Ex-airport CEO getting lofty departure pay

March 23, 2012

Departing Indianapolis Airport Authority CEO John Clark will leave his job with a year’s salary—$270,000—plus remaining unpaid vacation days.

The airport board earlier this week declined to retain Clark as his three-year employment term neared its end, saying the decision to part ways was mutual.

Clark came under fire in recent years for making numerous overseas business trips to attend airport industry conferences.

Last year alone he submitted expense forms to the authority totaling more than $31,000. Clark said much of the travel has involved his leadership roles in Airports Council International. He used the trips to lure business to the airport, he said.

The trips included an $8,300 excursion to an ACI conference in Morocco in November and a $10,000 trip in January 2011 to meet with Comlux Aviation officials in Switzerland. Comlux has been expanding its Indianapolis aircraft refurbishment base in recent years.

Indianapolis Airport Authority Board President Mike Wells on Friday said the board was mindful of Clark’s costs in moving his family from Jacksonville, Fla., to Indianapolis three years ago as part of the rationale for the departure package.

Wells, who was recently named to the board by Mayor Greg Ballard, said he was not happy with travel costs incurred by airport authority executives under Clark’s term. The top three executives last year spent more than $67,000 on travel.

Wells said he could not point to dividends stemming from the trips such as new air service, but noted that he only recently joined the board. Wells spent 16 previous years on the board over the last two decades, including a previous term as board president.

The board Friday passed a new travel policy that requires executives to receive preauthorization for overseas trips. Wells said industry best practices can be gleaned from other methods besides travel, such as from consultants.

After the meeting, Wells said Clark arrived three years ago as the airport began to deal with a high debt load for its new terminal at a time of an economic downturn that crimped revenue.

Also, the authority a few years earlier had taken over management control from BAA, the British firm it had hired during the 1990s to manage the airport.

He called Clark a “visionary” for concepts to increase revenue and improve staff capabilities. Clark had embraced a development concept in the industry known as “aerotropolis,” which involves a carefully planned use for land radiating from an airport. He’d been seeking to get surrounding government entities to get on board the effort.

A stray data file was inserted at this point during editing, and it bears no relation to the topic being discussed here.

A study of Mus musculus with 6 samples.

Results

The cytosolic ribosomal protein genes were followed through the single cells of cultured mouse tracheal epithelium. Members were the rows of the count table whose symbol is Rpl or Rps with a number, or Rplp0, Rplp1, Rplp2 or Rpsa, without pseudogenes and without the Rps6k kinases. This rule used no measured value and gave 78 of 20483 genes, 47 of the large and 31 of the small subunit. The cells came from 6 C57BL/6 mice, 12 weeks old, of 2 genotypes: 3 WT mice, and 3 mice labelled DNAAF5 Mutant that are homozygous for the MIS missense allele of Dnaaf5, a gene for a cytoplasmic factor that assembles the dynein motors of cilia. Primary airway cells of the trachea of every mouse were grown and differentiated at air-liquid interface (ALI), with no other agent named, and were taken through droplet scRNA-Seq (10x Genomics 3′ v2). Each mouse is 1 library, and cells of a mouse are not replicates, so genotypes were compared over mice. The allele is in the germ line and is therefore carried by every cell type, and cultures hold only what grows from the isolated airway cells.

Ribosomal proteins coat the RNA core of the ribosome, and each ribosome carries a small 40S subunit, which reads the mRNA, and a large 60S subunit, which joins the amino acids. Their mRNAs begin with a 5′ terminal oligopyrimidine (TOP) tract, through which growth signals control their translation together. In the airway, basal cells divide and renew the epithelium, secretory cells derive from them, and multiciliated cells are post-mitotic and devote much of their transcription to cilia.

While such development groundwork has been ongoing, the economy has continued to make a slow recovery. The former passenger terminal remains undeveloped four years after it was abandoned for the new midfield terminal.

Several parcels of airport property remain undeveloped, including land near the entrance eyed for a gasoline station. Many of the airport’s aviation-related facilities remain vacant, including the air side of the U.S. Postal Service’s former Eagle Air hub.

The authority's efforts to squeeze more revenue from its property have drawn the ire of Decatur Township community leaders.

At the airport’s board meeting Friday, Decatur Township representative Pat Andrews asked the board to drop its lawsuit in Marion Superior Court aimed at stopping a private firm from building a parking facility south of the airport.

Cincinnati-based Chavez Properties won approval of the Metropolitan Development Commission last month to develop a 31-acre, 3,700-space lot at the AmeriPlex commercial development that would compete with the airport’s parking facilities.

Airport and city officials had protested the private lot, saying the AmeriPlex complex received city funding for infrastructure upgrades and that a parking lot there was not appropriate and could drain airport revenue.

Andrews told the board the airport’s battle against the private parking lot operator essentially was “un-American.”

She said the lot could provide hundreds of thousands of dollars of much-needed tax revenue to Decatur Township, which has relatively little in the way of retail and restaurants. The airport has been both a blessing and curse over the years to Decatur Township in that it is exempt from paying taxes to the township.

Airport officials thanked Andrews for her presentation but did not respond to her request to drop the lawsuit.